Pure announced today that its Jongo speaker system can now be used with any music, audio or radio app. The multi-room, wireless home audio system was previously only usable with the UK consumer electronics manufacturer’s own Spotify-like streaming service, Pure Connect.
Pure may differ from Sonos, the leading wireless manufacturer, by targeting what cloud service director Pete Downton calls the “passive massive” or casual consumer. “We wanted to make an out-of-the-box experience,” says Downton, “something that someone could pick up at Walmart or Best Buy, just plug in and give them access to things that they already know.” Similar to Cricket’s Muve music service (which has over two million subscribers in the US) consumers can add a bundled subscription service, called Connect, to their Jongo device right out of the box. “In order for us to innovate around the product, we had to build our own platform,” says Downton.
It’s still early days for the app, which launched in the US in late October 2013 and currently has over 100,000 US users, according to Downton. The app has three tiers, similarly priced to other services like Spotify; the free tier allows you access to over 20,000 radio stations, 200,000 on-demand podcasts and your personal digital music library; $5 a month unlocks unlimited streaming of the 15 million track music library; $10 a month to cache songs and playlists for offline listening.
The US streaming music market is only about to get more crowded with forthcoming services from Deezer, Beats and Youtube predicted in 2014. “We are not in the business of picking a winning music streaming service or radio app — different services are right for different audiences — but we want to give our customers the most choice,” says Noam Meppen, Pure’s director of sales, U.S. By opening its door to everyone from Pandora to local radio stations, “we have a distinct advantage in terms of serving the mainstream consumer to most of the incumbents of digital music,” says Downton. “We will have a far richer picture of musical activity then just observing what they do on one digital music service — we can build a profile of the user.”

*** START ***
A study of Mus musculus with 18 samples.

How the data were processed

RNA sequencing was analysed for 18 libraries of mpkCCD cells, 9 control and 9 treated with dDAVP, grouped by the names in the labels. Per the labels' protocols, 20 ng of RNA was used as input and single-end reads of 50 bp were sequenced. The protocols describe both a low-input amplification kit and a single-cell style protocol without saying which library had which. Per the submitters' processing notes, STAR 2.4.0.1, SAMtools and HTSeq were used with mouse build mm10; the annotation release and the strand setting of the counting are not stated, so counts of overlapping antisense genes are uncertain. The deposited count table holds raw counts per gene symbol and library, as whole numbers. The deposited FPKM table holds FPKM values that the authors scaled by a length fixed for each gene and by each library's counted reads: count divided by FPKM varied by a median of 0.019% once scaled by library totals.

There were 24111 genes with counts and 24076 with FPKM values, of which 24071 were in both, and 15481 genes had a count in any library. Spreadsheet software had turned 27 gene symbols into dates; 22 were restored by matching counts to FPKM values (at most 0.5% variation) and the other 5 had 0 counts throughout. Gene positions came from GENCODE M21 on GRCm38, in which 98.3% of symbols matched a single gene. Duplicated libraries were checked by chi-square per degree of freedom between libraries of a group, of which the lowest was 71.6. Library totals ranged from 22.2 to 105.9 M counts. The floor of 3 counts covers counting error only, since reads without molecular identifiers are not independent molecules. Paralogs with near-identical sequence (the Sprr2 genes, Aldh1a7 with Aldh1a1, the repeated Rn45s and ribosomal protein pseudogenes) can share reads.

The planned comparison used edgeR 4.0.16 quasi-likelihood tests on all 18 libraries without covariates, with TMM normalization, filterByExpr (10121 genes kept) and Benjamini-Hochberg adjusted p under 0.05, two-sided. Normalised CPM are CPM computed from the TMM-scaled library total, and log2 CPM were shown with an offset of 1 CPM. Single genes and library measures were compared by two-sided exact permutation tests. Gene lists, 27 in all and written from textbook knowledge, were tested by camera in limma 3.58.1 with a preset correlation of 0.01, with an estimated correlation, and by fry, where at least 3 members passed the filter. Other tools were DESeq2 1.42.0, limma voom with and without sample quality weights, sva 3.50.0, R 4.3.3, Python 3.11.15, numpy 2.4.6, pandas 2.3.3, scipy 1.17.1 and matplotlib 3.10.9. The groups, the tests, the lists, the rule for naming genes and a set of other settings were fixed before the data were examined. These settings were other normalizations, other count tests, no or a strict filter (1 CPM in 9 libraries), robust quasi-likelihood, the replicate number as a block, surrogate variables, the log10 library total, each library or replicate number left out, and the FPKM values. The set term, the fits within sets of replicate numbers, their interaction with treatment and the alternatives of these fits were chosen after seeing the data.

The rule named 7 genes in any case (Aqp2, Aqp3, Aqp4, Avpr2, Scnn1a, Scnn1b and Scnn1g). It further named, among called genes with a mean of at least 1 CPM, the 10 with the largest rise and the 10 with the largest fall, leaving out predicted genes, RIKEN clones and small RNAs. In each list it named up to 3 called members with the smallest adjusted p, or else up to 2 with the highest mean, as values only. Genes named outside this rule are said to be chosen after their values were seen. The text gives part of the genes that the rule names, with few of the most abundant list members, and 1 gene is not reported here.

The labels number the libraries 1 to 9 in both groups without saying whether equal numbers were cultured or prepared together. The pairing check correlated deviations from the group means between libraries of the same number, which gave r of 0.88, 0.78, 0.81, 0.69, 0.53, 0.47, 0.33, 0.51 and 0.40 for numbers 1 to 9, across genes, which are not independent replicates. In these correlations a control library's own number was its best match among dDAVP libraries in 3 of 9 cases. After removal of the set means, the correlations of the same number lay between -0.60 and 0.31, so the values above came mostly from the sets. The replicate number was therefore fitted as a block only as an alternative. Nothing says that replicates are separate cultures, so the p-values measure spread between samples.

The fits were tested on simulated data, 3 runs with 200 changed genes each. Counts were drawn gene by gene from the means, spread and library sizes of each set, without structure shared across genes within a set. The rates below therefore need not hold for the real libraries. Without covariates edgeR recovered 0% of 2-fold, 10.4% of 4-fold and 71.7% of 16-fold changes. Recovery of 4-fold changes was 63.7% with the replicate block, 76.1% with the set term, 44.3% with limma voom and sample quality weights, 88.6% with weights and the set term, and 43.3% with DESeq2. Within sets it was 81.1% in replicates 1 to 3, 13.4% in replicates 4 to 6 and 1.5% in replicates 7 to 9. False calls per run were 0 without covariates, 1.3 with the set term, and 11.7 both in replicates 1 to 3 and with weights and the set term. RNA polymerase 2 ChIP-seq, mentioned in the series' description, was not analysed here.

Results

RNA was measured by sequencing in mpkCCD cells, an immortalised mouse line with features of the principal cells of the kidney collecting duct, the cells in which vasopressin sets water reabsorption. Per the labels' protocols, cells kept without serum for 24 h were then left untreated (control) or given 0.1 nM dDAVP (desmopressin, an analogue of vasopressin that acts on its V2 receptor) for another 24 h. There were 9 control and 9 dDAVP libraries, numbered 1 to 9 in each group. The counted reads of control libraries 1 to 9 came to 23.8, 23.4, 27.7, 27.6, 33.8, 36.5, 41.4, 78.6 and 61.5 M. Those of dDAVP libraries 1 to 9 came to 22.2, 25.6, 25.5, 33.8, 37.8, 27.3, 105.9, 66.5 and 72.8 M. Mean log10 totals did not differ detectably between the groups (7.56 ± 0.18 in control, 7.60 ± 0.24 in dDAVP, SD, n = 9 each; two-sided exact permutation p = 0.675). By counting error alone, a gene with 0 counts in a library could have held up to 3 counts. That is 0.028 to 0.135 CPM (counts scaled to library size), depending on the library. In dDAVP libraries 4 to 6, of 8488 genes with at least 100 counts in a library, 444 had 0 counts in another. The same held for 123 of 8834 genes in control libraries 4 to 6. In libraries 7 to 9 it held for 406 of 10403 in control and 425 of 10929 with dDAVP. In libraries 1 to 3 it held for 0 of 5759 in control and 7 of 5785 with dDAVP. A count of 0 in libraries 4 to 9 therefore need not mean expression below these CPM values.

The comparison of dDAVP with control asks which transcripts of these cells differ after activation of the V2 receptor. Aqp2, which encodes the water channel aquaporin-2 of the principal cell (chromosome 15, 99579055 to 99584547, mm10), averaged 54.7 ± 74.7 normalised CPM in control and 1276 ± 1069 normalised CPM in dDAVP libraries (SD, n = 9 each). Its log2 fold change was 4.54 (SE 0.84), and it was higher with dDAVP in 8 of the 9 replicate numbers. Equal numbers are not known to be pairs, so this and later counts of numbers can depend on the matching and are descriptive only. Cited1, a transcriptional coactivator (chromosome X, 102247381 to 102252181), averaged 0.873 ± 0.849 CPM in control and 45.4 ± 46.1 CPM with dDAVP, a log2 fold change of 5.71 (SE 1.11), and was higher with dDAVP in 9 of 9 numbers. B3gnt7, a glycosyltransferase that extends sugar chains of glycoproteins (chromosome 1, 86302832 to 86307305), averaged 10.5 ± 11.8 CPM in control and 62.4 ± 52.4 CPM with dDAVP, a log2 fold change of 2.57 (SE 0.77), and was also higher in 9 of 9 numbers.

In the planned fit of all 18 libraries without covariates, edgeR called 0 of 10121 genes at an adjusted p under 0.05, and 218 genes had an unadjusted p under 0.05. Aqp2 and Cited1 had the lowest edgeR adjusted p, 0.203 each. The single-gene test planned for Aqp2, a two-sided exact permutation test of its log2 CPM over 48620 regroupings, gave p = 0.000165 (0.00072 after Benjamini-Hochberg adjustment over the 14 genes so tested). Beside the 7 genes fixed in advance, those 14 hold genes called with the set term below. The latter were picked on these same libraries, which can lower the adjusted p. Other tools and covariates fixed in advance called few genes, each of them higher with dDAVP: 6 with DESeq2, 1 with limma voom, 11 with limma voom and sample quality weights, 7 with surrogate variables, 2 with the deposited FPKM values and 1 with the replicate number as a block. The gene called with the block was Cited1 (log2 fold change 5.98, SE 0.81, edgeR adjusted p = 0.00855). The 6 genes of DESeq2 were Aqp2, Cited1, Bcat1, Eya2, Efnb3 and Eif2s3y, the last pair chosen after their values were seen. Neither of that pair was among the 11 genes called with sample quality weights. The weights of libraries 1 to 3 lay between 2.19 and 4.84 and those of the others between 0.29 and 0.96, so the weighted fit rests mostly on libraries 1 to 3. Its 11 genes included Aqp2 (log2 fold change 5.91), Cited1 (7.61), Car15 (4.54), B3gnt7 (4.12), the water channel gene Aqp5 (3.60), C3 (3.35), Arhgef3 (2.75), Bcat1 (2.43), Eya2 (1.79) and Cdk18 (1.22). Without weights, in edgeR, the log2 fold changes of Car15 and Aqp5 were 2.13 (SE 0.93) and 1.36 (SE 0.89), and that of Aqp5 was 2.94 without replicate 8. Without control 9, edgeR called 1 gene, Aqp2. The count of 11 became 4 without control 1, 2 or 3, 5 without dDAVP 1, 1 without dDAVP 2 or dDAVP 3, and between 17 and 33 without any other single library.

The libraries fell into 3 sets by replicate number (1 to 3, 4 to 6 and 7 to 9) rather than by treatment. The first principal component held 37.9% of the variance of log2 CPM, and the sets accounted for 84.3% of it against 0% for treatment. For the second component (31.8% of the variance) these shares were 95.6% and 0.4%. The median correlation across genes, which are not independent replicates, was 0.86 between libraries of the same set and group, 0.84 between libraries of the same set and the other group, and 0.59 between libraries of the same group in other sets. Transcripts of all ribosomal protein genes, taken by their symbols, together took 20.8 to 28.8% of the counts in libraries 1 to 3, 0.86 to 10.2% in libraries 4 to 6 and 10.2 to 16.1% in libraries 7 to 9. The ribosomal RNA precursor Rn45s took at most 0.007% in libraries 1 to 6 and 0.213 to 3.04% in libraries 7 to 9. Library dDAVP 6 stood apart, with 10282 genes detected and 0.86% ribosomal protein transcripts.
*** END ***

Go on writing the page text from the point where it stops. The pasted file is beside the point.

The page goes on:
The Pure Connect app can be downloaded to iOS or Android devices and provides simultaneous playback using a combination of Bluetooth and wi-fi over multiple speakers, transmitting live radio, the user’s personal music library and the use of any music, audio or radio app. “The sync is significantly better than what’s in the marketplace today,” says Downton, “supporting high bit rate and multichannel audio.”
Various digital music services may come and go, but smart devices enabled with Bluetooth and compatible with home wi-fi networks are set to become increasingly ubiquitous in American homes. An affordable wireless system controlled through your phone that delivers live radio, podcasts, digital music files and streaming audio covers all bases.
Pure will demo Jongo at CES 2014 and both Android and iOS users will be able to access the first phase of this free new feature during Q1 2014. The Jongo multiroom music system available in Walmart and Best Buy stores and can be purchased online at Amazon.com, Target.com and others.